When you can score against the best side in the world, Barcelona, scoring against relegation-bound QPR is a mere formality. Fernando Torres scored his first hat-trick since September 2009, and the first of his Chelsea career, in a one-sided match, where QPR failed to show the fight expected from being in a relegation spot with two games to go. Chelsea, on the other hand, won their 400th Premier League match in style.
Sturridge opened the scoring within a minute, and the visitors could not help prevent a drubbing, with Chelsea being only the seventh side to go four goals ahead in the first 25 minutes of a Premier League match.
Chelsea have failed to win a single London derby this season, so Roberto Di Matteo was clearly determined to put the records straight. Just five days after the Barcelona exertions, Ferreira came in, as did Essien, Kalou, Torres, and Sturridge, with Di Matteo rotating the squad effectively.
And Sturridge proved a point to his manager within 45 seconds. Sturridge’s attempted pass to Torres ricocheted off Anton Ferdinand’s leg, and instead, the Englishman decided to try a shot for himself, curling in a 20-yard shot with his right foot.
QPR were to have a long afternoon at a wet Stamford Bridge, with John Terry of all people to double Chelsea’s lead. After some stunning work by the old guard of Lampard and Terry – Terry with a scissor-kick and Lampard with a chip – the ball rolled out for a corner, and then it was swung in by Mata, Terry rose highest, albeit with little competition for the ball.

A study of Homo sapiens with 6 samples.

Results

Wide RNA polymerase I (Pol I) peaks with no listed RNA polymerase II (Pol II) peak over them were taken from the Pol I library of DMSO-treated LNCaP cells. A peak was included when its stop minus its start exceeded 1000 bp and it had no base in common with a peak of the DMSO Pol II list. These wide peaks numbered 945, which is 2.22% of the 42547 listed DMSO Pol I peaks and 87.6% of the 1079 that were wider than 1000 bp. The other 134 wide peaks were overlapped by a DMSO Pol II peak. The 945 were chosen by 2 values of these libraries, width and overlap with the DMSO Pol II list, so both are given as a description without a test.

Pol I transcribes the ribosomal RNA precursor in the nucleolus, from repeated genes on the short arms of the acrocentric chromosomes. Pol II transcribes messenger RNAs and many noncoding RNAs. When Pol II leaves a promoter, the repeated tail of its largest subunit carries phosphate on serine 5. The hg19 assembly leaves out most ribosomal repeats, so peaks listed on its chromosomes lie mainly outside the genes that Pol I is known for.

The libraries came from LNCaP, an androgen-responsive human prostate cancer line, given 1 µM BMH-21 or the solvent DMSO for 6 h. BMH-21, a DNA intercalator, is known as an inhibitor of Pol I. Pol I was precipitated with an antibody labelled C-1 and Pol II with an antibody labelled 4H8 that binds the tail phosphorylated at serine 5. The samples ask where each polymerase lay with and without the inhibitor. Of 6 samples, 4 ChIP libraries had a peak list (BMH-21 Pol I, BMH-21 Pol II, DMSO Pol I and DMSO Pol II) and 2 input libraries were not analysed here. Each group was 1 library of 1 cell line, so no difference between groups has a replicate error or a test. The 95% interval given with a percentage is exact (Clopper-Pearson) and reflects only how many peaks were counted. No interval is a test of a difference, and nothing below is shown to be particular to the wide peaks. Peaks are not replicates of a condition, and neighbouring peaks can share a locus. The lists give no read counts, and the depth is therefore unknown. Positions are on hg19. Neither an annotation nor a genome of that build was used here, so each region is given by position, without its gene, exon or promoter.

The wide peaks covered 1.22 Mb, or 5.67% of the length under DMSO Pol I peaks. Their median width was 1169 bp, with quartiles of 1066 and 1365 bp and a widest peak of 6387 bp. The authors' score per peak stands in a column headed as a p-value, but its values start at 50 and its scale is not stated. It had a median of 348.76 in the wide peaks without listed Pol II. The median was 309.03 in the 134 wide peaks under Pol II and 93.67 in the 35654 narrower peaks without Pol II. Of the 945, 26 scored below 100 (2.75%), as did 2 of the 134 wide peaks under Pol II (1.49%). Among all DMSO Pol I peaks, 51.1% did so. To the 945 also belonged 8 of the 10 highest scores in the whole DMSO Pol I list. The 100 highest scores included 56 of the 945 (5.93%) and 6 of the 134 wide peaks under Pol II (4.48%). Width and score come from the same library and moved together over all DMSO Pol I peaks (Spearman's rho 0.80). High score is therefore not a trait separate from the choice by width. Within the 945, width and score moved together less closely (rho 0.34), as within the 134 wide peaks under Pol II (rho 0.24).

Another six minutes had passed and Chelsea scored again. Kalou, who had made some wayward passes in the match, found Torres brilliantly first-time. The Spaniard side-stepped Kenny and rolled the ball into the net.
It was raining goals, with Chelsea’s performance going swimmingly, but this did not dampen spirits from the away side. Ferreira and Bosingwa particularly looked solid, getting in the way of Zamora and Cisse.
Torres produced a brace moments later: Mata’s lofted ball caused confusion between defender and goalkeeper, with Torres capitalising by hitting home.
The half faded out and after four in 25 minutes, we failed to score another in the remaining 20. Drought.
Whatever Mark Hughes said at half-time appeared to have little effect. Though they looked better organised, Chelsea continued to have possession, and converted those into goals.
Mackie produced a good save from Cech, but when Mata broke forward, he found Torres, who had the time to produce his third of the afternoon.
With the points in the bag, Di Matteo wisely decided to again make substitutions, rather than attempt to write the history books. Mata and Kalou made way for Ramires and Malouda, but it was the Frenchman who produced Chelsea’s sixth, firing low into the net.
Then came the final substitution: Jose Bosingwa departed and another chapter was written in the remarkable story of Sam Hutchinson, once dubbed the “new John Terry” by Jose Mourinho.
His outing was proving to be an emotional one, and perhaps with a tinge of complacency, Chelsea allowed QPR pull one back: Cisse lashing home in the 84th minute and celebrating like he had won the Champions League.
Still, the comeback was never on for QPR. Newcastle await on Wednesday, and after their 4-0 drubbing yesterday, Chelsea fans have every reason to feel optimistic about our top four aspirations.